With the constant digital transformation, everyone has to adapt. Along with this, comes the need to meet the demand of security, Africa is no exception to the need, therefore access to data portability will also become available here.
2017 presented itself as a year of transformation for all businesses and organizations. It was a digital transformation, one that has been accepted with open arms. Which brings us to 2018, the year of preparedness, action and managing digital risks. Spearheading this preparedness is the EU, with the implementation of the GDPR and the enforcement with the new changes. This past year there were several themes that dominated data privacy, but there are three that really stand out:
- The transformation of business and organizational activities, processes, competencies and models to fully leverage the changes and opportunities of digital technologies.
- The challenge of managing and protecting the growing amounts and quality of data being collected, used and processed.
- The increase in global compliance obligations aimed to protect the rights of consumers impacted by this digital transformation.
This is where new laws come in. At a time when data breaches and cyber attacks around the world shake up the digital world, governments around the world are trying to protect the consumers, and with that desire to protect, there are new ways to proceed.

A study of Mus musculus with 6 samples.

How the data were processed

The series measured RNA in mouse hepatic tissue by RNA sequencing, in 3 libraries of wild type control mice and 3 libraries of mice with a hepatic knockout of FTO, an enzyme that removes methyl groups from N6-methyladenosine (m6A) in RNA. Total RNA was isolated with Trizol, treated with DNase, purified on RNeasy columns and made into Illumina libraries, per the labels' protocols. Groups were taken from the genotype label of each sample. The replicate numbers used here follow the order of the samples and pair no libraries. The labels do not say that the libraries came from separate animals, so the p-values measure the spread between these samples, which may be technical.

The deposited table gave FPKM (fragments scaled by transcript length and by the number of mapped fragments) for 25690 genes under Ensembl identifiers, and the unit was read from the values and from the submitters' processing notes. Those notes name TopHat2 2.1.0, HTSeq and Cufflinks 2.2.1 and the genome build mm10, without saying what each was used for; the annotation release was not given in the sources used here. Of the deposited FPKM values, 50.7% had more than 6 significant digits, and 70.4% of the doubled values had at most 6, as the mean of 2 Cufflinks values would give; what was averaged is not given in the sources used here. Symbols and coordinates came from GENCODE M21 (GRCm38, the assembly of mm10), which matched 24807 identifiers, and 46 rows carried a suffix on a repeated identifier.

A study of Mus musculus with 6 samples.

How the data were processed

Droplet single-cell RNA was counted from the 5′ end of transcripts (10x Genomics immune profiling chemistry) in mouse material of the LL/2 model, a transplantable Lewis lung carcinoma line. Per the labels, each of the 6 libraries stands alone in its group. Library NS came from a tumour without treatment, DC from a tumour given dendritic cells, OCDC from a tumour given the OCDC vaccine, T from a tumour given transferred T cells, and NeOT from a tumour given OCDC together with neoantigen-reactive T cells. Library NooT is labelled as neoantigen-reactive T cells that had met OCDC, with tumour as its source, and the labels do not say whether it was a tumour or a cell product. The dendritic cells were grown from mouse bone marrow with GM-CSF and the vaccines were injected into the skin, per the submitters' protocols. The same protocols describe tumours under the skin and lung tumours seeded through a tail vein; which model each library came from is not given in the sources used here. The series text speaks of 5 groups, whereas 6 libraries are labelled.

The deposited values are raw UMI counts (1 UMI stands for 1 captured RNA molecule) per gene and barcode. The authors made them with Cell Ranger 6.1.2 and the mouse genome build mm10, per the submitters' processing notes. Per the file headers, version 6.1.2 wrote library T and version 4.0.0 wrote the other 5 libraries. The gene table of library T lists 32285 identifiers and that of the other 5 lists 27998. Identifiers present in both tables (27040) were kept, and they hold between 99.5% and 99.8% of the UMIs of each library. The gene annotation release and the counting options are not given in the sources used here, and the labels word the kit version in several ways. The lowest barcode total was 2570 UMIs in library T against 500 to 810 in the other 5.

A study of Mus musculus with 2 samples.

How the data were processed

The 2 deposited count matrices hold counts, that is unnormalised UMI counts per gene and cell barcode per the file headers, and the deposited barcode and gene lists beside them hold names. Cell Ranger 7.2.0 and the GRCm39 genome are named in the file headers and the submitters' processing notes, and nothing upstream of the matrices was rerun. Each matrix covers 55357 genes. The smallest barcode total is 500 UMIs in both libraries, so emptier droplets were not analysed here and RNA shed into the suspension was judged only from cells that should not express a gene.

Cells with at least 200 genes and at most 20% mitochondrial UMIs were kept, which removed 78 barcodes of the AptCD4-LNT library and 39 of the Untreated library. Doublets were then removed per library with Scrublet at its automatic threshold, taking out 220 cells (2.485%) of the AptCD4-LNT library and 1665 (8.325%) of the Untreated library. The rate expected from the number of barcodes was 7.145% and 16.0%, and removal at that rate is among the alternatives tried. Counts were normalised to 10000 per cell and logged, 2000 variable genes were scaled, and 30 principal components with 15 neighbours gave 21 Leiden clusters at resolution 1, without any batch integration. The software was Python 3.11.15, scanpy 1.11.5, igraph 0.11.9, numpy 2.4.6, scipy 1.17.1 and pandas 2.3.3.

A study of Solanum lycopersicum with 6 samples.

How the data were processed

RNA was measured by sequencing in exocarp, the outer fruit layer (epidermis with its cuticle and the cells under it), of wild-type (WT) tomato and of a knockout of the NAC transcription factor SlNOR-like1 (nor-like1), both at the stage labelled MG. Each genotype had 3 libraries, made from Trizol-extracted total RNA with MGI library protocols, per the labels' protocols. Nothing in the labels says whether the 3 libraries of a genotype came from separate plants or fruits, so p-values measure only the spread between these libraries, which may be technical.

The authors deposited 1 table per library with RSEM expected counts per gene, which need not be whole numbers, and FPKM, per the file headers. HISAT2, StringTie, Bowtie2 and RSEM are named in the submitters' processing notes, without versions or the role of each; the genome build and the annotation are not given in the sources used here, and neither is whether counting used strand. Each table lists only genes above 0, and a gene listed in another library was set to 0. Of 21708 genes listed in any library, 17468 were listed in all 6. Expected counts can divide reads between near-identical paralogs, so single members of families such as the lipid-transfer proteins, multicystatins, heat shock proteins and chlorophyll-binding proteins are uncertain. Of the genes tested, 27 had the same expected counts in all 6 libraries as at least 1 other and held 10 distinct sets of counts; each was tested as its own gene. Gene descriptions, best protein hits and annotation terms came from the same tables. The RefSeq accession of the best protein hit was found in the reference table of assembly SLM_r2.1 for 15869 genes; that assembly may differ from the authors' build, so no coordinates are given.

For example in South Africa, the Protection of Personal Information Act, 2013 (POPIA) was enacted in 2013 and is expected to be implemented this year. This will really change the way businesses approach the protection of customer and employee data, and it will really tackle those three themes that stood out in the past year.
In terms of POPIA, where there are reasonable grounds to believe that the personal information of a data subject has been accessed or acquired by any unauthorised person, the responsible party will have to notify the Information Regulator, as well as the data subject, unless that person’s identity cannot be established.
This means that when the GDPR goes into effect, access to data portability will also reach Africa. Businesses in Africa, such as in South Africa, will have to ensure they are compliant with the regulations.
One of those regulations is the right to data portability, something that GDPR deals with, but not POPIA. This and other rights will benefit consumers in Africa.
Finish reading the full article here where you can see some of the other regulations in South Africa.
Contact Safe Online to see how we can help you comply with data portability requirements.